1919 Hurricane Demonstrates how Past Speaks to Present

By Olivia Santos, Sydney Spangler | Published: September 20, 2019

1919 Hurricane Demonstrates how Past Speaks to Present

CORPUS CHRISTI, Texas – To commemorate the 1919 Hurricane that ravaged the coastal city of Corpus Christi and claimed as many as 1,000 lives, the Texas A&M University-Corpus Christi Historical Forum along with the Mary and Jeff Bell Library hosted “100 Years After the Storm” on Friday, Sept. 13. The program, which was part of “Remember the Hurricane of 1919: 100 Year Anniversary,” featured guest speaker Mary Jo O’Rear, an Islander alumna, author, and historian along with a panel discussion led by faculty experts Dr. Lisa Comparini, Dr. Dan Jorgensen, Dr. Philippe Tissot; and Dr. Patrick Fitzpatrick acted as moderator.  

“It was a shocker. Everyone in Aransas Pass, Rockport, and Corpus Christi thought that we were in a safe haven, but the 1919 Hurricane was a catastrophe that hit the whole Coastal Bend,” said O’Rear in her keynote address.

During the program, O’Rear spoke on the attitudes and myths surrounding hurricanes in the Gulf Coast in the early 1900s. According to her book, “Storm Over the Bay: The People of Corpus Christi and Their Port,” Coastal Bend residents living at that time felt immune to the devastating forces that threatened the Texas coast after remaining unscathed by hurricanes that severely affected Galveston and Harbor Island in 1915 and 1916.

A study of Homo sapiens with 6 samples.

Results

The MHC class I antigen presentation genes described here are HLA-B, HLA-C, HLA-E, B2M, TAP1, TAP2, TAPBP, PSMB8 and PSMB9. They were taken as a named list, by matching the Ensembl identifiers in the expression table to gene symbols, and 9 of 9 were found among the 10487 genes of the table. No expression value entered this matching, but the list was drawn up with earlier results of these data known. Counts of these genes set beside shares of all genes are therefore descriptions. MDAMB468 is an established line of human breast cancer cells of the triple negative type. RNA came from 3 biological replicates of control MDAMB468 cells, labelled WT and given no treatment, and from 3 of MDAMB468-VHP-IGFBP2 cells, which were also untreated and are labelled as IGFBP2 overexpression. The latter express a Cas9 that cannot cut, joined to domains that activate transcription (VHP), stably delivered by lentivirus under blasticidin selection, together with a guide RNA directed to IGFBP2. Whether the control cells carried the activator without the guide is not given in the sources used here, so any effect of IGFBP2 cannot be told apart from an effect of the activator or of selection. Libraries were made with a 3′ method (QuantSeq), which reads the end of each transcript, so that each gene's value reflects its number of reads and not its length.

“As scientists, we can give numbers, maps, and charts but curating stories of people who went through those events speak a lot more,” said Tissot, Conrad Blucher Institute Interim Director and Associate Research Professor at Texas A&M-Corpus Christi. “The books we discussed will allow people to better relate with how horrible these experiences were and realize they don’t want to be in the paths of storms like these.”

Before hearing an excerpt from O’Rear’s book, the panel discussed topics that ranged from emergency management and federal government intervention, to the tools and resources that are available to predict weather scenarios. Most importantly, the panel touched on mindsets that parallel the attitudes and myths in previous century.

“Constantly, there’s a push to say that we’re safer than we really are,” Tissot said. “I don’t know if it will happen in my lifetime, but there will be other big storms hitting Corpus Christi. The key is to constantly prepare yourself, have a plan and follow directions. Also keep in mind the saying ‘Hide from the wind, run from the water!’’”

Those wanting to learn more about the 1919 Hurricane  can visit the unique photos and artifacts in the Special Collections and Archives of the Mary and Jeff Bell Library.